Welcome to the lab!
The Van Meir research team strives to understand the molecular basis for human tumor development and identify new biomarkers for neuro-oncology, using proteomic and metabolomic analyses of the cerebrospinal fluid. They aim to translate these novel biomarkers and therapeutic agents to testing in clinical trials with the hope to improve cancer patient treatment.
To help cancer patients, decoding the molecular puzzle of how tumors develop is imperative. Cells form tumors when tumor suppressors are inactivated, and Dr. Van Meir’s team is seeking ways to reactivate their expression by reprogramming the cancer genome to block tumor growth. His laboratory focuses on the two most malignant brain tumors: glioblastoma in adults and medulloblastoma in children. His investigations also include uveal melanoma – a malignant eye tumor – which causes eye loss and rapid liver metastases.
Dr. Van Meir’s laboratory comprises 1,900 square feet and is located at the Wallace Tumor Institute building, part of the O’Neal Comprehensive Cancer Center (OCCC) at UAB. The OCCC is Alabama’s only cancer center designated by the NCI and is a national leader in driving cancer research, advancing new cancer treatments, engaging communities in cancer prevention and early detection initiatives, and training the next generation of cancer physicians and scientists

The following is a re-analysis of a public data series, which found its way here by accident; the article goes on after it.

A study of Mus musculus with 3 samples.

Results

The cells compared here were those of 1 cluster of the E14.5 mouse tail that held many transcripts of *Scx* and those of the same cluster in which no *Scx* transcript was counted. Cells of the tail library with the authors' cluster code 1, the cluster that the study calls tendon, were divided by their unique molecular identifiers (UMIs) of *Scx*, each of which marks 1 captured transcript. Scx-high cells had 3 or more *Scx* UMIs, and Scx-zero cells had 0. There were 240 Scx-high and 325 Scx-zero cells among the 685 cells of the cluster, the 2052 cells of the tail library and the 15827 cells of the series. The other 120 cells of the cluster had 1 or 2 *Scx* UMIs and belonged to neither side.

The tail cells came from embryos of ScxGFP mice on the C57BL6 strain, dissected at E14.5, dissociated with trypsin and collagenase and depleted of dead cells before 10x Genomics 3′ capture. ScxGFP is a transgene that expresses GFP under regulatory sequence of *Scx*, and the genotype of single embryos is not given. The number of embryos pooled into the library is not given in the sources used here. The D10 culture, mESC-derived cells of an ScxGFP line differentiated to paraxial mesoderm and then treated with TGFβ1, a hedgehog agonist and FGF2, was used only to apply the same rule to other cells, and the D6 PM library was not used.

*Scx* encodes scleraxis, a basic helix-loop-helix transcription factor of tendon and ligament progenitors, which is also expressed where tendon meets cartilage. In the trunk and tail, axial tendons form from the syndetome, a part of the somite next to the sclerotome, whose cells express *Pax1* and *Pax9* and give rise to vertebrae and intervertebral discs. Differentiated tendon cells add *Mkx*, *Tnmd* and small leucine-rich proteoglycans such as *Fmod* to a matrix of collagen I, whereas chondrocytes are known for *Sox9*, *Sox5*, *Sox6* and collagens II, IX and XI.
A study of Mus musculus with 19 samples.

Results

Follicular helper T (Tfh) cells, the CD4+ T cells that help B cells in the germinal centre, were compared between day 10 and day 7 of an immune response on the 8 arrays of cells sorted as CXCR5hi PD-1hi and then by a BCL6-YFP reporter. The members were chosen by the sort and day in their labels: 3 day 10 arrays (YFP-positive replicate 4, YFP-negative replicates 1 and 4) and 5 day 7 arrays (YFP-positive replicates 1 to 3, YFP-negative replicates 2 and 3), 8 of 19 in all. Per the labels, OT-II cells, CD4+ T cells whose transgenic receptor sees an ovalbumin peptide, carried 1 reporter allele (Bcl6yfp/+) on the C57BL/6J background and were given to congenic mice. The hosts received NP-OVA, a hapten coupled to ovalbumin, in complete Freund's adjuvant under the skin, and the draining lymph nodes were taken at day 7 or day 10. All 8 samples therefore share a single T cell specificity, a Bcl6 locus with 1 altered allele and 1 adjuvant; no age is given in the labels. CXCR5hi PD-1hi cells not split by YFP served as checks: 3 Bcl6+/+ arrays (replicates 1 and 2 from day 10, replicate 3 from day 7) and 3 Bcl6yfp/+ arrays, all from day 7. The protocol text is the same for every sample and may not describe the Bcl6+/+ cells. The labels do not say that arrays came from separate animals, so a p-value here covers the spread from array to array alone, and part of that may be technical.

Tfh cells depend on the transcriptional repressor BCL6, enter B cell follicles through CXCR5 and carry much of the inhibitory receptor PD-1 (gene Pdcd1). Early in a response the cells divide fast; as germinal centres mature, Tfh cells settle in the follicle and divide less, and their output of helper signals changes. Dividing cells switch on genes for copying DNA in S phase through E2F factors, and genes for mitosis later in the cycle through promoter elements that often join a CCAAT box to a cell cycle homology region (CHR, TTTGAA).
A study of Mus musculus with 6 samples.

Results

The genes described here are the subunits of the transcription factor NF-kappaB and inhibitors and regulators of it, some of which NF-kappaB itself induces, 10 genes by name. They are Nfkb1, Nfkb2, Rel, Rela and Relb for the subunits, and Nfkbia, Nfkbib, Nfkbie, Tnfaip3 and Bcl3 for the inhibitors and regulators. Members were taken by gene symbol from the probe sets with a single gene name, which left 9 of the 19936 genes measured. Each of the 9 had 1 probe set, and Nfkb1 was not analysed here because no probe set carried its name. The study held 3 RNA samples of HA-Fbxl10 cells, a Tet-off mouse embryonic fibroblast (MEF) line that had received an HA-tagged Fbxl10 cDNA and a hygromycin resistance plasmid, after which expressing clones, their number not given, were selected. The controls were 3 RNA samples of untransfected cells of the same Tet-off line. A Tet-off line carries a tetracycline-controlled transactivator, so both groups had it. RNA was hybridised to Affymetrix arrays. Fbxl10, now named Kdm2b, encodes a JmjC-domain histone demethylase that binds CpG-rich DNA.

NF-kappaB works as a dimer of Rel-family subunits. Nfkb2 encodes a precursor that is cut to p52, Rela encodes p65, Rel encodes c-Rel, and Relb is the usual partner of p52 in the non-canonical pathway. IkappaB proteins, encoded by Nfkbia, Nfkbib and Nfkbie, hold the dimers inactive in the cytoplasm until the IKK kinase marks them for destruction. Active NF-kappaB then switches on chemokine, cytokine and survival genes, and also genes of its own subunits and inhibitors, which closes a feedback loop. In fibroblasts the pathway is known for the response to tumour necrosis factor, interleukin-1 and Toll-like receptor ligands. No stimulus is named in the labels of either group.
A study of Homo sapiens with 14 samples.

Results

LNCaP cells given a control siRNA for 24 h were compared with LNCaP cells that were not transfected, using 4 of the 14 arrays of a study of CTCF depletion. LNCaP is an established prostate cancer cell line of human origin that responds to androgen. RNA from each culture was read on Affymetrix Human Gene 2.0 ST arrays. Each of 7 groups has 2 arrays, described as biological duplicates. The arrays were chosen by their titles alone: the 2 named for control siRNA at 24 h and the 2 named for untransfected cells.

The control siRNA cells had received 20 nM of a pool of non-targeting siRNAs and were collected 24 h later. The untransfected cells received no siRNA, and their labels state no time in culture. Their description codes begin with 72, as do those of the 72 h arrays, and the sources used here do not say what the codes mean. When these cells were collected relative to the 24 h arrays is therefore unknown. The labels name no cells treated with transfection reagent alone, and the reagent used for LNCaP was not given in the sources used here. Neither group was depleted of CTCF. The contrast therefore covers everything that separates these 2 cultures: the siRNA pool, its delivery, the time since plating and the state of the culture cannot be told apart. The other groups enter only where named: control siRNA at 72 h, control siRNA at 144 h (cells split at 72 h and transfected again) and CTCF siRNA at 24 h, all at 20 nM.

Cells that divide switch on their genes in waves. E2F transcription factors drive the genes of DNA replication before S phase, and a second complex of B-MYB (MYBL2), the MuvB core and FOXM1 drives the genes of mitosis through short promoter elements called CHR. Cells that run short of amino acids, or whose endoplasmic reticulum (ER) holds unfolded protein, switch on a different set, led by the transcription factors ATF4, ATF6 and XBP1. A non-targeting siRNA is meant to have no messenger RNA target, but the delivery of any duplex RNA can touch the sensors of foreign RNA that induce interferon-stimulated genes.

His research has generated over 200 scientific publications in high impact international peer-reviewed journals and represents enormous gains in understanding many cancers and developing new treatments. Clinical trials based on these discoveries hope to shed light on novel cancer treatment options and medications. His laboratory is continuously supported by the National Institutes of Health (NIH) and numerous private foundations over the last 20 years. Currently, the NCI and the Department of Defense contribute to his brain tumor and eye melanoma research. And additional donor support is critical in helping the Van Meir laboratory test novel ideas and generates critical proof-of-principle data that can then help leverage larger federal funding.